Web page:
Matin Azizi-Yarand, a high school student, was arrested for making terroristic threats to carry out his plan of committing a mass shooting at a local mall and for soliciting other individuals to assist him in the mass shooting attack. Azizi-Yarand was inspired by ISIS to conduct this attack, which he had planned for mid-May. 

At the time of arrest, Azizi-Yarand sent more than $1,400 to others for the purchase of weapons and tactical gear. He had written and planned to disseminate his "Message to America," explaining the reasons for his attack.

Azizi-Yarand will be prosecuted by the Collin County District Attorney's Office with support from the United States Attorney's Office for the Eastern District of Texas. Under Texas state law, if convicted, Azizi-Yarand faces up to life in prison for criminal solicitation and up to ten years in prison for making a terroristic threat. He is in custody and bond amounts have been set totaling $3 million dollars.

"We are fortunate that the brave men and women of local and federal law enforcement work around the clock to prevent acts of terrorism and mass shootings," said Collin County District Attorney Greg Willis. "I'd like to thank the FBI's North Texas Joint Terrorism Task Force and the Frisco and Plano Police Departments for their efforts in this case and their vigilance in protecting the citizens of Collin County."

"The FBI's North Texas Joint Terrorism Task Force was able to successfully work with local, state, and federal partners to apprehend an individual who intended to do harm within the city of Frisco, Texas. The FBI is not aware of any additional threats associated with this arrest. The American people can take comfort in knowing that we continue to work diligently to protect and defend the United States and to ensure the safety of the communities we serve," said Eric K. Jackson, FBI Dallas Special Agent-In-Charge.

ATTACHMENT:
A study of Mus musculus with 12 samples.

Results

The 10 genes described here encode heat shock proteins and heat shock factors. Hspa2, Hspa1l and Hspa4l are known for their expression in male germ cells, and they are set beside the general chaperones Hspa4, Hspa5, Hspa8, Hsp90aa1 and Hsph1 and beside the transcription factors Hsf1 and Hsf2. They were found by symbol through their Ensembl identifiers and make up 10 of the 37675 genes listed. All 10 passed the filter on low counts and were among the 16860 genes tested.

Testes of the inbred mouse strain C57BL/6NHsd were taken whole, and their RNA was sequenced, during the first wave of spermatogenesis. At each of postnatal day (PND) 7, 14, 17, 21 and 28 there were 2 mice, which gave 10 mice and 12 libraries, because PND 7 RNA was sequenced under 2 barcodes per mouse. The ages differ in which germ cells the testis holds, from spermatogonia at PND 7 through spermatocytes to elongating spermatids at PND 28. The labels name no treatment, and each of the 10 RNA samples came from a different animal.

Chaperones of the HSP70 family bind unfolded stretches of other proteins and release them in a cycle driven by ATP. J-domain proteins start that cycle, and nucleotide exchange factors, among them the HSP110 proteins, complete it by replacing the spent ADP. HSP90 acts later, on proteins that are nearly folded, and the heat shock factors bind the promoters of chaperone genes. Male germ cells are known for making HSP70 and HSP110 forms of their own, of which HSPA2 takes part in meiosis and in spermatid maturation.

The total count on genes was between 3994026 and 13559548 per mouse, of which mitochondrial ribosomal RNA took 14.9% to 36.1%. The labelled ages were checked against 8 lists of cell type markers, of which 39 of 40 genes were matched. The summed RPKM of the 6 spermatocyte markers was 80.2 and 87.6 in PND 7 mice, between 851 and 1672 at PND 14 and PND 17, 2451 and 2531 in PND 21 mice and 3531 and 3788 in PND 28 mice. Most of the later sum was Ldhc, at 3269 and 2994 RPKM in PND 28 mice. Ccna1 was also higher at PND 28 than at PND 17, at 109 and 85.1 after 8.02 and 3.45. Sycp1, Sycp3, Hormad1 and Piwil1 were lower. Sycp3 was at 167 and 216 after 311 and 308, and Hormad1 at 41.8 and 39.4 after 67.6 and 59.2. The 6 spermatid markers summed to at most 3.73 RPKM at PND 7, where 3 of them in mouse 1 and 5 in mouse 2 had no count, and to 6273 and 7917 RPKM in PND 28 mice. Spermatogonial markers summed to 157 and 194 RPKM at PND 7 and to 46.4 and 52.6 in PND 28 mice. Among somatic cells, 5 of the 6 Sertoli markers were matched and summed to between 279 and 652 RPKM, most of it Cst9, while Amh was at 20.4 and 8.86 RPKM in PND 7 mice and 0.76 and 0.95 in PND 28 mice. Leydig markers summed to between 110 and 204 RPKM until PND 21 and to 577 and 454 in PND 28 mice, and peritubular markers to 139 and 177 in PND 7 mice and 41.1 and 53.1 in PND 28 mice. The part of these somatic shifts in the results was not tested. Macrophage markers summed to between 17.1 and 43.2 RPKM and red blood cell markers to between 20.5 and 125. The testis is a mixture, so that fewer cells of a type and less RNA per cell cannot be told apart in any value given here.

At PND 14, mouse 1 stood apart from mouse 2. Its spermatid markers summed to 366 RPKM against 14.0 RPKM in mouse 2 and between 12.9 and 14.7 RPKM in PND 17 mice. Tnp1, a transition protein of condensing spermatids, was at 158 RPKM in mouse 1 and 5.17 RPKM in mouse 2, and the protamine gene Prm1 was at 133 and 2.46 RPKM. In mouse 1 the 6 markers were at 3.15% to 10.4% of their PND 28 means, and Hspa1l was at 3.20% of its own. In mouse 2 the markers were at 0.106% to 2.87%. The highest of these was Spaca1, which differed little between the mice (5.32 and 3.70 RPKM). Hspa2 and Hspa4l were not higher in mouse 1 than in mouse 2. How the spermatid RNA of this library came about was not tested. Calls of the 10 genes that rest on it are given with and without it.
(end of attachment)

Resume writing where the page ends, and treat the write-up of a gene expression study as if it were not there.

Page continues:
"The facts of this case, though alarming, serve as an example of the power of cooperation and the importance of each individual remaining vigilant in the spirit of 'see something-say something.'  I would like to thank all the local and federal partners who worked on this case for the teamwork displayed in keeping our North Texas community safe," said John W. Bruce, Frisco Police Chief.

"Sadly, we have heard a lot about terrorism in the media, and it has become a concern in our lives.  This case exemplifies the wide reach terrorist groups have through social media and other means to radicalize others in communities across our country, but more importantly it demonstrates the high level of collaboration that exists between law enforcement agencies to prevent such plots from being carried out.  I wish to thank the FBI and all law enforcement agencies in the FBI's Joint Terrorism Task Force for their work on this case," said Gregory W. Rushin, Plano Police Chief.

The FBI's North Texas Joint Terrorism Task Force is made up of numerous local, state, and federal law enforcement partners. The mission of the Joint Terrorism Task Force (JTTF) is prevention, detection, and investigation of terrorist acts affecting the United States interests, and to apprehend individuals who commit or plan to commit such acts. 

Experiences learned from the subsequent investigation of the 9/11 attacks led to the need for a "one-team – one fight" approach. JTTFs serve as the platform connecting law enforcement (LE) communities to the Department of Defense, the United States Intelligence Community, and foreign LE entities. JTTFs leverage the collaborative efforts of LE agencies to accomplish the counter terrorism mission. The North Texas JTTF (NJTTF) is comprised of four counterterrorism squads located in Fort Worth, Frisco, and Dallas.

If anyone has any information on this case or defendant, please call the FBI's Public Access Line at 855-324-7257 or by email. Caller information will be kept confidential.

Copies of the arrest warrant affidavits for criminal solicitation and terroristic threat can be viewed at these links.

An arrest is not evidence of guilt.  All defendants are presumed innocent until proven guilty beyond a reasonable doubt in a court of law.